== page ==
New Endowment Honors Late UHD Professor
Enduring Tribute to Dr. Patricia L. Golemon
By Sheryl E. Taylor
The conversation began in 2019 and officially kicked-off in 2020. In less than a year’s time, the University of Houston-Downtown (UHD) and the Golemon Family came together to honor late UHD Professor Dr. Patricia L. Golemon.
Great Minds …
After Golemon’s passing in 2018, her family and friends wanted to honor her teaching legacy with a memorial scholarship. After meeting with UHD — and as the saying goes, ‘great minds think alike’— the Patricia L. Golemon Memorial Scholarship Endowment was created. This permanent endowment will provide a long-term source of income to support UHD students in English or communication studies, thus recognizing Golemon’s legacy as a teacher and advocate for students.
“One of the strongest affirmations the University can receive is when our own faculty or their families make gifts that will support our students and programs in perpetuity,” said Johanna Wolfe, vice president of UHD Advancement & University Relations. “That’s the greatest benefit of this endowment — it will last forever and always recognize Pat Golemon’s love for language and commitment to UHD students.”
It was a well-known fact that Golemon loved books — reading, talking about books and teaching students about literature and writing.
Golemon, along with a fellow student, founded an exclusive book club in 1977, known as The Harpies that began as a small group of women graduate students. The 10-member club continues to this day with one goal of sharing their love of literature now for more than four decades.
“We thought that naming our group after horrible Greek mythology avengers that were half woman and half monsters who fought crimes against women was funny at the time,” said longtime friend Pat Wente, who met Golemon at the University of Houston as an undergrad English major.
Several of the donors to the Endowment are fellow book club members. Wente and Golemon’s husband Peter D. Williamson, Esq. took the lead to establish and determine the Endowment’s criteria and formalized the agreement with UHD. Williamson is a well-known immigration attorney.
Her Story … From Cougar to Gator
Patricia Lynn Golemon was born on May 28, 1944 in Nacogdoches, Texas. She was the oldest to two siblings (sister and brother). According to Golemon’s obituary, her ancestors (Blank and Bennett) were among the Old Three Hundred — the first American settlers granted land by Spain, and led to Texas by Stephen F Austin.
During her teenage years, her family lived in West Texas where she graduated from Cisco High School in 1962. She attended Cisco Junior College where Golemon’s father (Dr. Robert B. Golemon) chaired the music department. Her mother (Catherine Hall Blake Golemon) also was a lifelong educator.In the mid 1960s, Golemon arrived in Houston as a new wife.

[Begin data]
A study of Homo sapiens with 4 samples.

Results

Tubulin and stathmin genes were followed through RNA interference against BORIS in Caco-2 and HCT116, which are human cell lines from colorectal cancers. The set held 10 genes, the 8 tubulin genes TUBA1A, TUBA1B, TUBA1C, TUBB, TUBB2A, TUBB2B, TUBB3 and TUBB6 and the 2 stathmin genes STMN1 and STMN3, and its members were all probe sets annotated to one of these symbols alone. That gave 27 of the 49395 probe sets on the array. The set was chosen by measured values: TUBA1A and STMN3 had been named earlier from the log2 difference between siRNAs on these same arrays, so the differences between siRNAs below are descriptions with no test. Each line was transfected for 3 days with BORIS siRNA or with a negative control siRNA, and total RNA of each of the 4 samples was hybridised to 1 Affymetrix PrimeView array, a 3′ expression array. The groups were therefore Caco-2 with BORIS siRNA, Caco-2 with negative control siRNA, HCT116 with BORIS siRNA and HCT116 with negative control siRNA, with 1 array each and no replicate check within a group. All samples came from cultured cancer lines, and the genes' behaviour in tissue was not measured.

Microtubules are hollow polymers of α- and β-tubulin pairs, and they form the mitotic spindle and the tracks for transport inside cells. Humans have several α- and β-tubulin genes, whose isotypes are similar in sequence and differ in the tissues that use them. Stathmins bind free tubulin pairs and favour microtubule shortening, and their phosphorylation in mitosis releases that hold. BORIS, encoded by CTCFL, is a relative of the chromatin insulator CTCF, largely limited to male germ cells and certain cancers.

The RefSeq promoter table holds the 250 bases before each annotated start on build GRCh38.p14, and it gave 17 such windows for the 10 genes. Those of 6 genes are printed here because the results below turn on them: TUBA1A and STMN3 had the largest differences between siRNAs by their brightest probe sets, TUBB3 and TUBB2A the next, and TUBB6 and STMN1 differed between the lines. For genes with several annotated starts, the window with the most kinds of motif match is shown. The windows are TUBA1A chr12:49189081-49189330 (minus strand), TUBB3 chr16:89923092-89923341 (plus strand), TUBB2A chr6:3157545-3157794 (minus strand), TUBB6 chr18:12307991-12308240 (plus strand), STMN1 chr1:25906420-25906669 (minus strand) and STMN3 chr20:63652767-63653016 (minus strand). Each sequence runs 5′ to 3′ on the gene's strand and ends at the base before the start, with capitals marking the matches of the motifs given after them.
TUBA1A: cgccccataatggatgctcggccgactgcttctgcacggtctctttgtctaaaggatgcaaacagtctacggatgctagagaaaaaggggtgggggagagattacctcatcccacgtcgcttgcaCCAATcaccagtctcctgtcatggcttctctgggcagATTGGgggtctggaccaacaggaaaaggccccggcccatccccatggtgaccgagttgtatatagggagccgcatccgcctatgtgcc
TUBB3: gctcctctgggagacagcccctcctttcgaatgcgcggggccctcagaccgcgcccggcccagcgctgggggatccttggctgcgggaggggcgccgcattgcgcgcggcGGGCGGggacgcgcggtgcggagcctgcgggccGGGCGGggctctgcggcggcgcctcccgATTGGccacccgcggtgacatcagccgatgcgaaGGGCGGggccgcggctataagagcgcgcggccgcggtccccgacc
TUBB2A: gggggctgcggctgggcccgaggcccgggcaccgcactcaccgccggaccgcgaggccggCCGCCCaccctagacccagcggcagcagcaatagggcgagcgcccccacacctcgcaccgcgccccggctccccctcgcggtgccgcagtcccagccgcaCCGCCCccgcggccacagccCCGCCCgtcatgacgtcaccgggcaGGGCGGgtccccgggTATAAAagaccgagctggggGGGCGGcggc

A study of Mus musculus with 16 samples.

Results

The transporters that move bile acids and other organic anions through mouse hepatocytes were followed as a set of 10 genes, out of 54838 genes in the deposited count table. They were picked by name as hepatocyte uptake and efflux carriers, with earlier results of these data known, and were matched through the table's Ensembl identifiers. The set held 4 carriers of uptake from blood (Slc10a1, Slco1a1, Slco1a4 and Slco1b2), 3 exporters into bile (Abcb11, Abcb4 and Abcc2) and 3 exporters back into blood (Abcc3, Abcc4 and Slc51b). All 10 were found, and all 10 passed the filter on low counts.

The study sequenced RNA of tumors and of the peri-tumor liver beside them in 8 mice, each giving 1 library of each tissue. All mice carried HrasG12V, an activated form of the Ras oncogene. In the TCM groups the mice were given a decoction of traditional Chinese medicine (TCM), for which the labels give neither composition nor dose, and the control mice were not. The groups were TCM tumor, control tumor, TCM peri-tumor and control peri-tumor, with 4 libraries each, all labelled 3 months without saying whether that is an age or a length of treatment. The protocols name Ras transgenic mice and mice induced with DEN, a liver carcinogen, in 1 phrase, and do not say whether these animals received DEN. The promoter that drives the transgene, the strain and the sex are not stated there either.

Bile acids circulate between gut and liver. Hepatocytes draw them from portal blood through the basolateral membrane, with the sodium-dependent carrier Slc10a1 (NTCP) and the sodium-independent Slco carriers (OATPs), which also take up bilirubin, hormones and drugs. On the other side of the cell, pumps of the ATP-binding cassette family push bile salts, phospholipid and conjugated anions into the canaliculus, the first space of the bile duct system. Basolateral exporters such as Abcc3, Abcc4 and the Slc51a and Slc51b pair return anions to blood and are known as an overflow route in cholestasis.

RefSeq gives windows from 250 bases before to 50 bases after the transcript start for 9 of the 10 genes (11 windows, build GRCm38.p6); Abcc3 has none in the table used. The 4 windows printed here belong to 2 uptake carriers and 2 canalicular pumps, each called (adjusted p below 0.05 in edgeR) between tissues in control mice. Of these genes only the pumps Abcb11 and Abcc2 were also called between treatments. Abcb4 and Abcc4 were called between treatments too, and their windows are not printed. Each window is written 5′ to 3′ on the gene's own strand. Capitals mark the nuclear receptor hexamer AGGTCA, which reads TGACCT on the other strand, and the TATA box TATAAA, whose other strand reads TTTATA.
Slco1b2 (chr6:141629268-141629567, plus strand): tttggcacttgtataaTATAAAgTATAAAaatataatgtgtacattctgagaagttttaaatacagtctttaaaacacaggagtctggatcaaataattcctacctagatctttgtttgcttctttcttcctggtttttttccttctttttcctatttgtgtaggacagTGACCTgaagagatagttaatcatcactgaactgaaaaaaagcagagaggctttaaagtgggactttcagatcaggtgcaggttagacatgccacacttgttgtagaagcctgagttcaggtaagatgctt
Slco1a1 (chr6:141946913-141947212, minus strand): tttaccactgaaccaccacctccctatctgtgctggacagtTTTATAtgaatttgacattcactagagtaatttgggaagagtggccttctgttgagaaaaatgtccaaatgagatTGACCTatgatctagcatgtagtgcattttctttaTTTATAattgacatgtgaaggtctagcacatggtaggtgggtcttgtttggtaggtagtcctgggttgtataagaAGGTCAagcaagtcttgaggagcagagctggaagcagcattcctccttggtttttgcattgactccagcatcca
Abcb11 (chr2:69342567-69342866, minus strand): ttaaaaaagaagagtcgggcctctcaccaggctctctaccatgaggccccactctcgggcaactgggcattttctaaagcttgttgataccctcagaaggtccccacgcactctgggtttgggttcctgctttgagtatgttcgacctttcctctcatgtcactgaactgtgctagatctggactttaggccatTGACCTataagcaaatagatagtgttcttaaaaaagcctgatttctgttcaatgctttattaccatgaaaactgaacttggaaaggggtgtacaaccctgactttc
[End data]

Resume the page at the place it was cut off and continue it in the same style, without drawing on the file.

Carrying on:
She decided to return to college after her two daughters were no longer toddlers. In 1974, she completed a B.A. (summa cum laude) in English literature from the University of Houston (UH). With a successful and varied professional 20-plus-year career — technical and legal writing, marketing, public relations, corporate communications — in her rearview mirror, she returned to UH in 1999 and earned a Ph.D. in English.
Golemon’s next stop?
She returned to academia in 2000 as assistant professor of English at UHD with the mission of teaching students about communications in and for the real world. Five years later, she was awarded a Fulbright Fellow Scholarship for six months in Tunghai, Taiwan where she taught American literature and business writing to graduate students at Providence University.
Dr. William Gilbert, former UHD associate professor of English, considered Golemon as a longstanding friend and valued colleague. Gilbert served at the University for 40 years as an educator.
“I could go on and on about her,” said Gilbert. “Pat’s straightforwardness and honesty coupled with eagerness made her the best kind of teacher, which let students know they could rely on her. She inspired her students with such confidence in their training and professional preparation that they became her friends.”
An Enduring Tribute
Wente spoke at Golemon’s memorial service where she shared what she admired most about her friend was her open-door policy.
“That was the way she gathered people to her and made them become a part of her family. She didn’t suffer fools, but when she decided she loved you, you were family.
“We can miss her all we want, but we wanted to honor her legacy,” added Wente. “She was most passionate about UHD’s non-traditional students and we didn’t want to let that die with her. As a longtime Houstonian, she understood the special mission of the University and the people who could be served by this scholarship.”
The University of Houston-Downtown (UHD)—the second largest university in Houston—has served the educational needs of the nation’s fourth-largest city since 1974.
As one of four distinct public universities in the University of Houston System, UHD is a comprehensive four-year university led by Dr. Juan Sánchez Muñoz. Annually, UHD educates more than 14,000 students; boasts more than 51,000 alumni and offers 44 bachelor’s and eight master’s degree programs within five colleges (Marilyn Davies College of Business; Humanities & Social Sciences; Public Service, Sciences & Technology; and University College).
UHD has the most affordable tuition among four-year universities in Houston and one of the lowest in Texas. The University is noted nationally as a Hispanic-Serving Institution, Minority-Serving Institution and Military Friendly School. For more on the University of Houston-Downtown, visit www.uhd.edu.